Cherrill Wilson is the senior associate director with the Temple University Small Business Development Center (SBDC). In addition to beginning her relationship with Temple as the SBDC incubator manager and business consultant, Wilson brings to the SBDC team over 20 years of financial service experience in banking and accounting services. She has worked as an accountant, bank auditor, senior credit analyst, and financial consultant. In her new role, Wilson manages the organization’s consulting staff which includes business consultants, graduate and undergraduate students. She assists the executive director in the fulfillment of the SBDC’s goals; one of which is to engage in providing business management consulting, legal, government procurement, international trade services, marketing, and financial consulting assistance to new and existing businesses.
As one of the longest-serving staff at the Temple SBDC, how has the organization shifted over the years? How did the small business landscape look ten years ago compared to last year, and now during the pandemic?
I joined the SBDC as a consultant in 2004, and one of my primary roles at the beginning of my tenure was spreading awareness of the SBDC through various community-based organizations. Ten years ago, the Temple SBDC had a larger number of full-time consultants and independent contractors, but over time the SBDC got smaller. Recently, within the past two years, we’ve really started to grow again, adding more full-time and part-time staff.
Ten years ago we had a large number of clients coming to us looking for funding since the economic downturn in that period affected the lending sector and it took the economy years to rebound. A lot of companies and entrepreneurs were afraid to take large risks. Last year, the business landscape was completely different since the economy was doing relatively well. The SBDC was growing to address the concern of small businesses at the time; such as adding an administrator, a start-up consultant and a marketing consultant. The focus for most small businesses was growth-oriented. Companies were much more willing to take on risk during this period compared to ten years ago.
Since the pandemic began, a lot of individuals are looking to start businesses due to mass layoffs and furloughs. A lot of these individuals are looking for funding to help them proceed to launch their ventures. We’ve had to really work with clients to make sure they understand how different the business landscape is compared to what it may have been last year. Entrepreneurs are again less willing to take big risks than they were before the pandemic began, and the focus has really shifted somewhat from growth to resilience, ensuring that their small businesses can withstand the sweeping economic changes that are occurring and stay open.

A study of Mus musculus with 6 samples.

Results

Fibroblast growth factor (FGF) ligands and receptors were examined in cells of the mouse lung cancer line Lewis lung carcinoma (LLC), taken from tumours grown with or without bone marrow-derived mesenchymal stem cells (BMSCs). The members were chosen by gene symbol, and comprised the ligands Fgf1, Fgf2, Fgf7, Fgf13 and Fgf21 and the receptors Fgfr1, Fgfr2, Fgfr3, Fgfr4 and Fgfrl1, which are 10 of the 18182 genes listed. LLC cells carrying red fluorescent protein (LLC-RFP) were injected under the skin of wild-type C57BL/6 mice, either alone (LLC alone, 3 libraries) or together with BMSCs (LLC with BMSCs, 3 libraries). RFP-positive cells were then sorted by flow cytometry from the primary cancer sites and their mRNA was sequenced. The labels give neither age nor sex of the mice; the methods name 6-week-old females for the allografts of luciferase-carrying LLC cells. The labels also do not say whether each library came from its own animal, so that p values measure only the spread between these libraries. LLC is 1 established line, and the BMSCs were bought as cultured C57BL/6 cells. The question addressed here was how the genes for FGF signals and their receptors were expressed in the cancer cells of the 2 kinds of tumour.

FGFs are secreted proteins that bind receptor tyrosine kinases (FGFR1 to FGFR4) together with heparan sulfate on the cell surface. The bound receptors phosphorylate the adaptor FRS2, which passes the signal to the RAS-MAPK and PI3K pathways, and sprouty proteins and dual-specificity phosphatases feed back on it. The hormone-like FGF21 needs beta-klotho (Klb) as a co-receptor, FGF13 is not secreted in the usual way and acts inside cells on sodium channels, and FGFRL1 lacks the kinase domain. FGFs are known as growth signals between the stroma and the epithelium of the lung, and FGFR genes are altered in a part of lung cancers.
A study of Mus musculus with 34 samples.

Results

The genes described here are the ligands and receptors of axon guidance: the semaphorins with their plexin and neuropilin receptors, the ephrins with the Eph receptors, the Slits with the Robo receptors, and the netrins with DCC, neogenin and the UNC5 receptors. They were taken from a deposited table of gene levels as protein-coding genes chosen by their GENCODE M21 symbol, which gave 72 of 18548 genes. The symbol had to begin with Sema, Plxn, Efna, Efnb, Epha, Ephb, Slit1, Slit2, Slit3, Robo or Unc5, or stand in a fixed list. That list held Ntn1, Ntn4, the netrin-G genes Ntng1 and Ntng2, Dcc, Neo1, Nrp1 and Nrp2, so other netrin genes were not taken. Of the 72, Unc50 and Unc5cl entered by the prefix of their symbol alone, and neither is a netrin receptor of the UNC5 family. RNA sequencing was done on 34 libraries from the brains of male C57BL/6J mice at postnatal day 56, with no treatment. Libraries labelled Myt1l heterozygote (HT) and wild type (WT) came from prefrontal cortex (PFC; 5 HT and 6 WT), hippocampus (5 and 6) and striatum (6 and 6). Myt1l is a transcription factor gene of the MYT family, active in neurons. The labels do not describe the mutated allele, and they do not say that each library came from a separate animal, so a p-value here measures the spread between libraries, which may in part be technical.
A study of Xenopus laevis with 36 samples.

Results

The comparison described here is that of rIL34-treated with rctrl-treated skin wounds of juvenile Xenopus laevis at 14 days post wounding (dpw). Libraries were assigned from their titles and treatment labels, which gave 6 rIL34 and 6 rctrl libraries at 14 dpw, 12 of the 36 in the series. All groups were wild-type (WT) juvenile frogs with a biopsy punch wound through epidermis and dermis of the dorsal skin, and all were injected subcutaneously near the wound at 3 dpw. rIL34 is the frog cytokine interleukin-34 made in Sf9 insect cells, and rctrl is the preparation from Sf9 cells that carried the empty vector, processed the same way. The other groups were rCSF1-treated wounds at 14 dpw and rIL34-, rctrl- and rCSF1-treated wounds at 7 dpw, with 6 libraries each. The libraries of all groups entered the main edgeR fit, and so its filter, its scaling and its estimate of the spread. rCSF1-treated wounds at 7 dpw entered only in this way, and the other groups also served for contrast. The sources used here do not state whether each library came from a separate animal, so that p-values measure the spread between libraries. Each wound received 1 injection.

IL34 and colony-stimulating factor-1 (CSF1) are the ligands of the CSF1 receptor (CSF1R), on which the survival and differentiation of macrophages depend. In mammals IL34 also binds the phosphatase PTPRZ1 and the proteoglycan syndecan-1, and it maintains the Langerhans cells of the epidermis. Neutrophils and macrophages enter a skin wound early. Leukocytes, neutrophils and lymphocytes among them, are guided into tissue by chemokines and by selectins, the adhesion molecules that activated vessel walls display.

How do you feel COVID-19 impacts the role of Temple’s Small Business Development Center?
We are at the center of providing help for small businesses in how to operate in the economic reality that has resulted from COVID-19. We have had to grow our own knowledge and offerings in order to match the needs of our growing number of clients. We’ve had to pivot in order to deal with the evolving needs of small businesses. Our consultants are not able to meet with clients in person and now rely upon Zoom meetings for meeting clients and other SBDC staff. Our role has really shifted to helping small businesses secure funding to stay in business. With funding from the CARES Act, we have been able to grow both the number of our consultants and the number of offerings we have, such as the Center of Excellence for Tourism and Hospitality and the Center of Excellence for Digital Services.
How does your work with lending institutions enable the Temple SBDC to empower local entrepreneurs?
I reach out personally to the various financial institutions such as Women’s Opportunity Resource Center, Entrepreneur Works, United Bank, M&T Bank. I reach out to them to find their criteria for lending to small businesses, whether they be startups or existing small businesses. Due to the pandemic, new programs and policies to assist small businesses have been enacted. I work to match clients with the various funding institutions based upon their unique situation and needs. My work with non-traditional lenders such as Community Development Funding Institutions CDFI allows me to assist clients who wouldn’t normally be able to secure loans from traditional lending institutions.
What aspect of your work do you think makes the biggest impact, and what are you most proud of?
My relationships with Temple, the community, the various organizations I have worked with, and the clients I work with, allow me to provide the assistance that small businesses need to grow and succeed. I’m very proud to be able to play a role in facilitating the mission we have at the Temple SBDC of helping entrepreneurs and helping the community we work in.
Do you have any advice for aspiring entrepreneurs?
Don’t be discouraged by what is transpiring right now with COVID-19. Think of it as a moment in time, because this season will not last forever. This is a good time to plan and lay the groundwork for the business you would like to launch. Do the research and use all of the resources that are available to you to help you start your business. Remember the Temple SBDC is available to help you during this time.